Winter doesn’t mean the end of wildflower identification. Many plants retain easily identifiable seed pods and other features. Although the late summer display of its vibrant yellow flower clusters is over, seaside goldenrod (Solidago sempervirens) is no less interesting in December. Seaside goldenrod is a native perennial aptly named as it is commonly found in dunes and at the edges of salt marshes. It is fairly well adapted to drought conditions, allowing it to survive in the dry, sandy dunes.
By December, the sunny yellow flowers have given way to seed. The plant’s persistent dried leaves, stalks and dried flower parts make it easily identifiable even in the winter. The fruit of the seaside goldenrod is a small capsule connected to a circle of bristly tufted hairs that aid with wind dispersal, similar to the seeds of a dandelion.
Dried leaves and stalk of seaside goldenrod (photographed on December 3 at Sandy Neck in Barnstable).
Tufted hairs of seaside goldenrod seed capsules (photographed in Truro on December 4).
Seaside goldenrod is unusual in the Solidago genus in that it has toothless, hairless leaves that are thicker than the leaves of most other goldenrod species. Even dried, for the most part these relatively broad, oblong leaves are still in evident. In one Truro location where I spotted seaside goldenrod this week, the leaves were actually still somewhat green, and at Marconi Beach in Wellfleet, one plant still retained a single terminal clustered spike of blooming flowers – quite late, given that the plant typically flowers between August and October! This autumn flowering makes seaside goldenrod an important food source for fall migrating monarch butterflies traveling down the Atlantic coast.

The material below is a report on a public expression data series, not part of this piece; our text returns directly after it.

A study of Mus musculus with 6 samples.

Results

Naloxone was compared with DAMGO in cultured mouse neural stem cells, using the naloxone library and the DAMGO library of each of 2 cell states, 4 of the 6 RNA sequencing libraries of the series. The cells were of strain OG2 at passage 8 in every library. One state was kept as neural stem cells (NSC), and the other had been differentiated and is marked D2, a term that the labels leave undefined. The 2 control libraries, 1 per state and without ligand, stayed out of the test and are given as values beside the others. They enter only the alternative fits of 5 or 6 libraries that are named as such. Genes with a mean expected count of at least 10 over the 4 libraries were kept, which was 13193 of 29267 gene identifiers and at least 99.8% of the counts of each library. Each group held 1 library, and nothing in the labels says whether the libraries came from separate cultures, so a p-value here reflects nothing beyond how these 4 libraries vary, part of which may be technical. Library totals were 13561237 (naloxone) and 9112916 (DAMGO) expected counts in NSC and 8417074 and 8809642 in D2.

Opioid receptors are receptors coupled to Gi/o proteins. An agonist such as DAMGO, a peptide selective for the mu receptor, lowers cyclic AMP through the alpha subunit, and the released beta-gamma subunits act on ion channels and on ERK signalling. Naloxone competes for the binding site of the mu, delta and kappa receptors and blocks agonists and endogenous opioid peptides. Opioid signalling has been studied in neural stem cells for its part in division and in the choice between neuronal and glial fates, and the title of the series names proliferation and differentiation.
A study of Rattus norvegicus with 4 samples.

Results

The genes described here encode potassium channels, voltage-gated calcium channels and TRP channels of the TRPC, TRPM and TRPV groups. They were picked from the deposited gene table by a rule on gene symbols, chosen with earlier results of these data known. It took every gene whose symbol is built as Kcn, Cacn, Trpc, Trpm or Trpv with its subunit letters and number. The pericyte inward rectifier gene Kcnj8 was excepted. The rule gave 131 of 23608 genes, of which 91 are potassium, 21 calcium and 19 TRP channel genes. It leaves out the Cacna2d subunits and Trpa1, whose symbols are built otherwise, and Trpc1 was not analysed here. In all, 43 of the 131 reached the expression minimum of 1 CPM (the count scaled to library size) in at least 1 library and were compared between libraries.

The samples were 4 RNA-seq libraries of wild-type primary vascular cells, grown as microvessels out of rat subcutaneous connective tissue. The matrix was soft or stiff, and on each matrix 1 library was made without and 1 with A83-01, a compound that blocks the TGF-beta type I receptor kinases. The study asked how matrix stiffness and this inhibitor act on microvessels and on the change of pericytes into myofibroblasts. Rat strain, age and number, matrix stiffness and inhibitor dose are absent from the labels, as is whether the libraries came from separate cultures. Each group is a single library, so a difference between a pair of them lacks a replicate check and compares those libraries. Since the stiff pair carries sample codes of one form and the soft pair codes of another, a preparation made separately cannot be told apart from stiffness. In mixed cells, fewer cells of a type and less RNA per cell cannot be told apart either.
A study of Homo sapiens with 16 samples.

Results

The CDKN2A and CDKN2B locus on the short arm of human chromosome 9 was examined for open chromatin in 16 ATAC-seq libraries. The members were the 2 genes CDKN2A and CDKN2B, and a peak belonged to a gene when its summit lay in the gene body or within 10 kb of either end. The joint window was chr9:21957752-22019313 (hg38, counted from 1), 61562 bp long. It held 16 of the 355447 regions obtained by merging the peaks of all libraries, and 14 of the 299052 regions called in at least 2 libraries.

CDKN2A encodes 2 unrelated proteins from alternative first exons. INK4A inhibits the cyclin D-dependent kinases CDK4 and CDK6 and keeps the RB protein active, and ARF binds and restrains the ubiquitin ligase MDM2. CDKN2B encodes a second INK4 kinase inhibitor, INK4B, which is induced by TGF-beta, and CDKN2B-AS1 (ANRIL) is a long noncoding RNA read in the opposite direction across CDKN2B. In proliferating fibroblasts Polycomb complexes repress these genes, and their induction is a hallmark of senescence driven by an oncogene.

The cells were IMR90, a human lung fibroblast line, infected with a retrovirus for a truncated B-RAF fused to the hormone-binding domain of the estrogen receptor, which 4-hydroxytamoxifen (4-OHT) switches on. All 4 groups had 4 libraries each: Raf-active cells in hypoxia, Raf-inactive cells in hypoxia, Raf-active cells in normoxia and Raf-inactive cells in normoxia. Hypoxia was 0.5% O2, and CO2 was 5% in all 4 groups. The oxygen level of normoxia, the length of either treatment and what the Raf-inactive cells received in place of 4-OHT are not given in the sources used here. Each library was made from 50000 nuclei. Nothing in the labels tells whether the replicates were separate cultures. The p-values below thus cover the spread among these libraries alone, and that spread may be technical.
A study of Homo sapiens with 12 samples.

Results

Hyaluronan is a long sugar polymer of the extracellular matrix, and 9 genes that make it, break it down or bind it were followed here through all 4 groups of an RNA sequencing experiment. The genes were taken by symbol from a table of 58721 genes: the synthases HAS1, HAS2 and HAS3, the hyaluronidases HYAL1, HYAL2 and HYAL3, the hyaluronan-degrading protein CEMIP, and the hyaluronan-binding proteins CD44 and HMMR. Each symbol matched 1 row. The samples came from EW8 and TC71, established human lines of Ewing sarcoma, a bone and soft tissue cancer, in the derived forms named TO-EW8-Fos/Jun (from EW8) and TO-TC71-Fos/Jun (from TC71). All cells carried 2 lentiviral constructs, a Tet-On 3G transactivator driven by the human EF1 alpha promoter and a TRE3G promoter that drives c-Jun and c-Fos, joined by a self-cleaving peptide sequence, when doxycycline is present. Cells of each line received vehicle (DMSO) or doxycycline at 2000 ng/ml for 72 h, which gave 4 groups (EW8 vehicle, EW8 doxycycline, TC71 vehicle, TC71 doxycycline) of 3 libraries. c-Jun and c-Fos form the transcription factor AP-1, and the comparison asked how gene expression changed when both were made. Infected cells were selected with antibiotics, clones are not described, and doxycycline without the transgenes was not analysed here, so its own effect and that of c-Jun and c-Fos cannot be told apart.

Have you seen any interesting winter plant features? Can you identify the plant?
Stand of seaside goldenrod, flooded during a spring high tide (photographed in Truro on December 4), still retaining some green leaves, but with tufted seed capsules evident.
Still flowering seaside goldenrod at Marconi Beach (photographed on December 4).
Seaside goldenrod in full bloom at Nauset Beach in Orleans this past September.